Thursday, September 24, 2009
On August 3rd, in an article called "Fagan Who? More Apologies to Sarah Palin Coming," I expressed what I believed to be the first of many apologies that would be extended to Governor Palin.
Certainly Dan Fagan's admission of guilt was not a small thing after such vehement criticism of the governor. What the title suggested, however, was that there would be many more apologies to follow, and the article went on to express why I was making such a claim.
The big surprise was an apology printed in the Anchorage Daily News by Dan Fagan. Now, for those who don't know, Fagan is a talk show host in Alaska. He is most known as a chief Palin hater in her state--very vocal, very disrespectful, very anti-Palin. So what happened?
The apology issued, as far as I can see, is only the beginning of more to come, just a confirmation of what I knew was coming. It seems so wild, so far-fetched, so completely out of the blue--but expect more.
Not everyone is going to understand the popularity, power, and success Sarah Palin will increasingly experience, and I'm sure that's no surprise to you. But mark my words: more realizations that the personal attacks against her were wrong, and more accurate, evil, are coming.
Read the entire article here and discover the reasoning behind my prediction, prophecy, or insight--whichever you choose to call it.
Today brought Apology #2. As covered by Amy Siskind, the Daily News-Miner has also seen the light on a particular issue. Rod Boyce wrote:
Today I must apologize to Mrs. Palin personally and on behalf of the Fairbanks Daily News-Miner for the choice of words used on the bottom of Wednesday’s front page regarding her speaking engagement in Hong Kong this week to a group of global investors.
We used offensive language — “A broad in Asia” — above a small photograph of the former governor to direct readers inside the newspaper to a full story of her Hong Kong appearance.
There can be no argument that our use of the word “broad” is anything but offensive. To use this word to describe someone of the stature of the former governor — who is also the former vice presidential nominee of the Republican Party — only adds to the anger that many people appropriately feel.
There’s widespread belief that too much meanness exists in political discourse today. The media, already held in low regard, need to be extremely wary of that meanness slopping over into their own work. I am responsible for the content of this newspaper and need to ensure that our employees adhere to acceptable standards of decency.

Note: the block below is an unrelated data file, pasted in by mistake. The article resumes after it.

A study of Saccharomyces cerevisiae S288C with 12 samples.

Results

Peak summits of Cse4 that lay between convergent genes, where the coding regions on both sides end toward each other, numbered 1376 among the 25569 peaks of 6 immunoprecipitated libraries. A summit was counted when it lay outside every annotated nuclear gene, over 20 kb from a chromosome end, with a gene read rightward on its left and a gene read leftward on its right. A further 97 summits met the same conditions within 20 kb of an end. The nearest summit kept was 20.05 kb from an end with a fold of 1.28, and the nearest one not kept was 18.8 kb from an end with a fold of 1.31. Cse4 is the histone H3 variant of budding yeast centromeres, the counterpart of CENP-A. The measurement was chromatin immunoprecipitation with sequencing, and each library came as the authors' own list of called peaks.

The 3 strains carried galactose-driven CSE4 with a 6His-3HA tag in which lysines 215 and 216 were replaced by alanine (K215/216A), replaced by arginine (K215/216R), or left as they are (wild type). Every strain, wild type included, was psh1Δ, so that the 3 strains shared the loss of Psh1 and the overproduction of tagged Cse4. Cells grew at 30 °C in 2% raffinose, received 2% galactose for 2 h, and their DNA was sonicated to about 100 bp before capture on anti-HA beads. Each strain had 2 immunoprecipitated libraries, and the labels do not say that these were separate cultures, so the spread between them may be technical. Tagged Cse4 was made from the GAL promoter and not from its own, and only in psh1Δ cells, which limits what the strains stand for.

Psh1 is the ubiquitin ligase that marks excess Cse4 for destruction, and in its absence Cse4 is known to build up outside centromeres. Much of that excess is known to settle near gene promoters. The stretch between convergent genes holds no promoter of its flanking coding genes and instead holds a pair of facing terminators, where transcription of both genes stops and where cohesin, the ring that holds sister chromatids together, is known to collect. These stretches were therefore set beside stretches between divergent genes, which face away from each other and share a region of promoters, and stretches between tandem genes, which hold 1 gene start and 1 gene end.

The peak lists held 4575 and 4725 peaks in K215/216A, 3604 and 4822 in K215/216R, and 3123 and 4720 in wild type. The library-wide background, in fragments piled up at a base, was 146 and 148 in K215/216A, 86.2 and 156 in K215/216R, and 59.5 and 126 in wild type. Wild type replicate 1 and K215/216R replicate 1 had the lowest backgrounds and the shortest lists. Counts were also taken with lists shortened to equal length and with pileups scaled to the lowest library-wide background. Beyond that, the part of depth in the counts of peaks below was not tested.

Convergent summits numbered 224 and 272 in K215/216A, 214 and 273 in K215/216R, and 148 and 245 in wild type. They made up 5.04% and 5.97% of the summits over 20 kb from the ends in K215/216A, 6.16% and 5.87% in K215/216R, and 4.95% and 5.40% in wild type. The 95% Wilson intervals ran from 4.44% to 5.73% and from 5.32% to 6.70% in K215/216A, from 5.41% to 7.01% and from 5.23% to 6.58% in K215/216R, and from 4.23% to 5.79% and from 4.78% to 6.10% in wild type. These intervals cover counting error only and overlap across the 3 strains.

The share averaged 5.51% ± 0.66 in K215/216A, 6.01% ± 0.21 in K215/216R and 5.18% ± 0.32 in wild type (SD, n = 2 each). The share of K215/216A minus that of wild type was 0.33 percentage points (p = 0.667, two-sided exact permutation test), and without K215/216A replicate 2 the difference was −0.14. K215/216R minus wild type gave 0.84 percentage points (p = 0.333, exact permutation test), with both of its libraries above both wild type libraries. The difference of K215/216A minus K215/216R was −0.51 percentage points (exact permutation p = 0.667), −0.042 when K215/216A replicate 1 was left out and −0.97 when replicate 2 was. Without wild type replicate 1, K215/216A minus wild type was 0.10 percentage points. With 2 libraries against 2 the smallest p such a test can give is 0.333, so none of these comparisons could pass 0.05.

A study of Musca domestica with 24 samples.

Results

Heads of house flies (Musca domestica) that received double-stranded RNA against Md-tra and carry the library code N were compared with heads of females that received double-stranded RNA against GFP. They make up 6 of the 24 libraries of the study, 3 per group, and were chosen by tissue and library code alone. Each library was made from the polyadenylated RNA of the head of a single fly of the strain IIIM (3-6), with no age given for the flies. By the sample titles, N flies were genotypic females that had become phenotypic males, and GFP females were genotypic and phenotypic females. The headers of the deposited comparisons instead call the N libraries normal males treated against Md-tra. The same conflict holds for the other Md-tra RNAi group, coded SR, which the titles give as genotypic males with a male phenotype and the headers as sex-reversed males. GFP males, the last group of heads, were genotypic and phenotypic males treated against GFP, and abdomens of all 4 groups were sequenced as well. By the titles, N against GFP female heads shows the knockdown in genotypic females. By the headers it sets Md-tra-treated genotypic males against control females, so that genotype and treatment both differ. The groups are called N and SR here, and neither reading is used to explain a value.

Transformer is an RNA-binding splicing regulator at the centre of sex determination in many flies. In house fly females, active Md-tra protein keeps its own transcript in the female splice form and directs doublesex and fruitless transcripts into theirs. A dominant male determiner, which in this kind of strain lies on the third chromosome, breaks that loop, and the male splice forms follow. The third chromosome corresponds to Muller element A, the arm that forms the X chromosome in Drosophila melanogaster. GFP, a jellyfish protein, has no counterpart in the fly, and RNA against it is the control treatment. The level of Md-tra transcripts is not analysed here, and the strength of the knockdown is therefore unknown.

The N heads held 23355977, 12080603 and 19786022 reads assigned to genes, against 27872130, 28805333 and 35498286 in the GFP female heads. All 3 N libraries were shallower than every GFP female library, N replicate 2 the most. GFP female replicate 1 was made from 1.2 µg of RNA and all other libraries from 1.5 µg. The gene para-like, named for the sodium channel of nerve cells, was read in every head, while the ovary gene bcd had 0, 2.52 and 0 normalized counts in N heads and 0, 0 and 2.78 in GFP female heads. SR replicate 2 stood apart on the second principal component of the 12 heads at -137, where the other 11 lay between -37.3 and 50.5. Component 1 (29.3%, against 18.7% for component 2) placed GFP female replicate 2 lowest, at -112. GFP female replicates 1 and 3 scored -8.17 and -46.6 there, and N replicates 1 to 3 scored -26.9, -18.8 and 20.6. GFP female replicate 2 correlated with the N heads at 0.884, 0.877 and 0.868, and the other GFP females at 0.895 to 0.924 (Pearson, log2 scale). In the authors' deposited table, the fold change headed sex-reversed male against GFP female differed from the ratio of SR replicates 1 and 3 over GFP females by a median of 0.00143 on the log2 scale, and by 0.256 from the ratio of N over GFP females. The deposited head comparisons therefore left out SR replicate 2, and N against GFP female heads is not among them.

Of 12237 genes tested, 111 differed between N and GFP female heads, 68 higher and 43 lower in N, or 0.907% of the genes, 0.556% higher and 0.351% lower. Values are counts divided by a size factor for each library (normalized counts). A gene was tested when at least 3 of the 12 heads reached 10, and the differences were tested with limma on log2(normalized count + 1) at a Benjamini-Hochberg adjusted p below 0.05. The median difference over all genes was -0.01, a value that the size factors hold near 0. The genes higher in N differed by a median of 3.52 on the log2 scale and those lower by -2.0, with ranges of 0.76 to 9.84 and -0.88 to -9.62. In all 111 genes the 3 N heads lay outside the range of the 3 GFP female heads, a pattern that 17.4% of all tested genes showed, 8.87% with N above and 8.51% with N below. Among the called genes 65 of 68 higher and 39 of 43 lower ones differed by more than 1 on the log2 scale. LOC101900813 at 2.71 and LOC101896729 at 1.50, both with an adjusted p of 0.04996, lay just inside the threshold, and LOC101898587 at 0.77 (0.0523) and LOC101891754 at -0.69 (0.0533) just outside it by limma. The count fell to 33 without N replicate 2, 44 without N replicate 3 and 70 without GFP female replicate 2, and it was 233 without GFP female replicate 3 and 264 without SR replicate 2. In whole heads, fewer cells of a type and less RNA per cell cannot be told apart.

I will say it clearly again now: We made a terrible mistake.
Mrs. Palin, please accept this apology from the Fairbanks Daily News-Miner.
And please accept it from me.
Read the entire article here.
None of this is to say that all who have heretofore despised Governor Palin have had a complete change of heart and are now her most ardent supporters. What it does say is that people are changing their perspective of the governor--and a change of perspective will always be followed by a change of approach. Not too long ago it seemed impossible for some to deem her worthy of any respectful treatment whatsoever. The idea of actually apologizing to her, even when an apology was in order, would have been unthinkable. The hatred, the anklebiting, the media malpractice--so intense--had rendered her fair game for derogatory comments of all sorts. Nothing seemed to be off limits--not her family, not her intellect, and certainly not her gender. Use of the word "broad" would absolutely not have elicited a formal apology.
Now Governor Palin has had some months of calling her own shots, rather than being mishandled by a campaign that failed to recognize and capitalize on her strengths. Now she is free to be the Governor Palin her constituents in Alaska always knew she was when her approval rating was through the roof. Now she has emerged with wisdom on health care, tort reform, and foreign relations. She is speaking in her own voice both at home and now internationally. She is playing by her own rules this time, and she must be taken seriously. Even those who were fiercely critical are waking up and taking notice. It is precisely this kind of notice that makes people do a self-check when they step out of line. It's called respect.
Back in August I asked, "Fagan Who?" Today I ask, "Boyce Who?"
Now that we get to see more and more of a Governor Palin who has the liberty to speak freely, now that Governor Palin gives herself permission--as her dad said during the campaign--to "Let Sarah be Sarah," more eyes will see what millions have already seen, and apologies will come as people come stand behind this leader who is standing behind America. Once again, mark my words.